Thank you SO much to those of you who filled out my survey (if you haven’t, please do here! It will only take a minute or two!). It was really interesting for me to learn a little more about you.
I was surprised to see that people really wanted to see more nutrition related posts. I just assumed everyone came here for recipes. Obviously I started this blog because I had a passion for cooking, but have to be honest, it’s super easy to get burned out cooking when you are thinking about doing it for the blog all the time. I think incorporating more nutrition posts will take a little of the stress off or creating and photographing recipes.
Since a lot of you are interested in weight loss (according to my survey) I thought we’d talk about why under eating won’t help you lost weight and how it can be bad for you. I know with it being summertime, a lot of people want to slim down a little before vacation or bathing suit season. I know it makes sense to try to work on cutting calories, because since we hear “calories in, calories out”, the assumption would be that the less you eat the more you will lose, but it’s not that simple.
If you under eat on a consistent basis it can lead to:
- Slower metabolism. With too few calories in your system day after day, your body learns to live with less and it does this by slowing down your metabolism. What’s even worse is you stop losing weight too! You may feel sluggish and irritable on your low calorie diet. The good news is this can be reversed, it just takes awhile for your body to recover and your metabolism to rev up again.
- Higher risk for nutritional deficiencies. Eating less means that you likely aren’t getting in the adequate food group requirements throughout the day. For long term, low calorie dieting this puts you at risk.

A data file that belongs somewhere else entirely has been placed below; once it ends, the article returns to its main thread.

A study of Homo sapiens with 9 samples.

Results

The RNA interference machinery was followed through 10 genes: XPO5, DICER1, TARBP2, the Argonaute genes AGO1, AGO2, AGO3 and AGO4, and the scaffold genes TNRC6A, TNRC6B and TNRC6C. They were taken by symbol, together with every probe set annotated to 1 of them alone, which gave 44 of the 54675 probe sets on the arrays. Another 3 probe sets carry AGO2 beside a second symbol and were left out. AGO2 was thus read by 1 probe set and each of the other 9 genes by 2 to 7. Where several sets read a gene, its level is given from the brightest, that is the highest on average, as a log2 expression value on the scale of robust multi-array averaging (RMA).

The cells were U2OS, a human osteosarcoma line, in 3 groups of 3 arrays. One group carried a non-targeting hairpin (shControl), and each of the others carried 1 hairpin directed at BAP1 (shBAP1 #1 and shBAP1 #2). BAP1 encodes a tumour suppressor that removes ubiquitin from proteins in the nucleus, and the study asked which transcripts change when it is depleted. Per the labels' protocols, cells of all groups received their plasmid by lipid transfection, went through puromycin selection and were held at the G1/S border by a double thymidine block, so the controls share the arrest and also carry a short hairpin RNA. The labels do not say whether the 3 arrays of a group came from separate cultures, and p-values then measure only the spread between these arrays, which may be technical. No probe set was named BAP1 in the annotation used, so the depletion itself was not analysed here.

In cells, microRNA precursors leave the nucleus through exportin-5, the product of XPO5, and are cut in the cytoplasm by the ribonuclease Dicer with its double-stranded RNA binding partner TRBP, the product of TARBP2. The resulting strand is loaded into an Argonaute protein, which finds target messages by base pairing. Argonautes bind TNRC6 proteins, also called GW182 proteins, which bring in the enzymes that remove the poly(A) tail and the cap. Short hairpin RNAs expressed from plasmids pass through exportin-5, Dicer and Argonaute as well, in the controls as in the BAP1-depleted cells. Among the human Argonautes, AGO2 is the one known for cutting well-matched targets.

- Stress on your organs. A minimum blood glucose is required to keep you alive so if there is not enough, your body will start breaking down muscles and organs. Overtime this damages your vital organs.
- Negative food thoughts. Constant restriction can lead to eating disorders like anorexia, bulimia or orthorexia, leading to an unhealthy relationship with food.
If you want to lose weight the healthy way, start with small changes such as eliminating sugary beverages from your diet or replacing unhealthier choices, like donuts and muffins for breakfast, with healthier choices such as oatmeal, fruit and/or eggs. Chose whole foods over processed, packaged foods.
As a rule of thumb here are some basic rules to follow:
Don’t eat less than 1,200 calories a day if you are a woman and 1,500 calories a day if you are a man. These are recommendations from the National Institute of Health to ensure that you will still be getting enough essential nutrients to prevent malnutrition, but likely these numbers still aren’t enough to support ongoing weight loss.
Listen to your body. Are you constantly hungry? If you feel irritable, fatigue, have headaches and are not sleeping well, it is likely you are not eating enough.
Pay attention to the warning signs. Under eating on a regular basis can lead to more frequent illness as you’re body is more stressed and you’re not giving it the nutrition it needs. Also, you may experience hair loss or issues with your menstrual cycle as a result. Pay attention to any changes like these if you are trying to lose weight.
Focus on making good choices instead of calorie counting. If you keep the focus on choosing healthy, whole foods you will likely lose weight. It might be a slow weight loss, but chances are it will be steady and lasting.
Consult a Registered Dietitian like myself for a consult (you can find my services here) so we can figure out the appropriate amount of food you should be eating.
Often it’s trail and error after some basic calculations are made. Some people genetically burn more calories than others, plus muscle mass plays a role in burning more calories, so it’s hard to say everyone at the exact same height and weight should be able to eat the same amount.
When in doubt, chose more foods in that aren’t in a package and exercise more! If you already get your daily gym session in, start adding an additional 10 minutes on a lunch break or after dinner.
Let me know if you have any specific questions about this!